The drought that has enveloped the Southwest for more than two decades is expected to lead to a first-ever water shortage declaration for next year.
The drought, now entering its 22nd year, has resulted in the water levels at Lake Mead dropping from an elevation of more than 1,210 feet at the start of 2000 down to about 1,080 feet right now. The current projections by the Bureau of Reclamation expect the water level to drop nearly 13 feet by the end of the year to 1,067.24 feet, which would trigger the first ever federally declared water shortage on the Lower Colorado River.
Bureau of Reclamation’s Boulder Canyon Operation Office Chief Daniel Bunk said Lake Mead’s current elevation is about 15 or 16 feet lower than it was at this time last year, and is at about 38% of the lake’s total capacity.
Meanwhile, Lake Powell’s current elevation of 3,563 feet is down about 35 feet from last year and at 35% of the lake’s full capacity.
Bunk said Arizona’s total system storage is currently at about 43% of its capacity, which is down about 9% from the spring of 2020.
“This 22 year period since 2000 is the driest 22-year period on record, and one of the driest if you go back 1,000 years and look at the paleo reconstructed record,” said Bureau of Reclamation’s Boulder Canyon Operation Office Chief Daniel Bunk.
Bunk went on to say that the two driest 10 year periods on record have both occurred in the last 22 years. He said the drought seems to have intensified over the past three or four years in particular.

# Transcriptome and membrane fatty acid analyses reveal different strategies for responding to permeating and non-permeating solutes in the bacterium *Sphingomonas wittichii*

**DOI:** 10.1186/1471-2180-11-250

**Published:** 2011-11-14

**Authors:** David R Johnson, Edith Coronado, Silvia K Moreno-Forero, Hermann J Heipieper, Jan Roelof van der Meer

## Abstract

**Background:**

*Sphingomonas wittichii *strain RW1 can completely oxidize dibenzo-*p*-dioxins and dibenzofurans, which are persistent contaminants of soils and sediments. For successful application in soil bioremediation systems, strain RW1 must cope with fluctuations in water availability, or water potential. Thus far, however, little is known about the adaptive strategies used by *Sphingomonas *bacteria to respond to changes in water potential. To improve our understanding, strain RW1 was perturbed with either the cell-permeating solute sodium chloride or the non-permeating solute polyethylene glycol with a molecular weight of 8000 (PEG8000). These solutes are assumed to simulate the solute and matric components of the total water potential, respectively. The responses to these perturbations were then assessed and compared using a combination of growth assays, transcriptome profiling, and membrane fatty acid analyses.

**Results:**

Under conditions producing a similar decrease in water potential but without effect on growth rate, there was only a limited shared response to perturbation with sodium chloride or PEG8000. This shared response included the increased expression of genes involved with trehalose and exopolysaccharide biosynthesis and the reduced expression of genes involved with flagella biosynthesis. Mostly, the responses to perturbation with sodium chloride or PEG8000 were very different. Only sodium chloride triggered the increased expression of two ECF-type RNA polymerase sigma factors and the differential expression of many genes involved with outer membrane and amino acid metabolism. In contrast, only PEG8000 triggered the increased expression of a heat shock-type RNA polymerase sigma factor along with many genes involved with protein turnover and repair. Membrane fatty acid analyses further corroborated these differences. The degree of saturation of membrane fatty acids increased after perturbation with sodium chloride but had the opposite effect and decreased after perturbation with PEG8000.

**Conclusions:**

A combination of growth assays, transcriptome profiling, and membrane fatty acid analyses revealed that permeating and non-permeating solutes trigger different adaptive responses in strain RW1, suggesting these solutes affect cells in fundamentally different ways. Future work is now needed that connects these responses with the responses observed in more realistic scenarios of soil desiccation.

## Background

While 2002 is the driest year on record in terms of inflow into Lake Powel, Bunk said 2021, currently at about 41% of average inflow, is threatening that record and will likely end up as one of the top three or four driest years by the end of the year.
Although a shortage on the Colorado River is currently projected, the Bureau of Reclamation will officially make that determination when it releases its 24-month study in August. If the water level at Lake Mead is projected to finish 2021 at an elevation below 1,075 feet that will trigger the Tier 1 reductions in the Lower Colorado River Basin Drought Contingency Plan adopted in 2019. If Lake Mead’s elevation drops below 1,050 feet a Tier 2 shortage would be declared, while levels at 1,025 feet would bring Tier 3 into effect.
Each higher tier brings with it larger water reductions for every state and Mexico under the Drought Contingency Plan.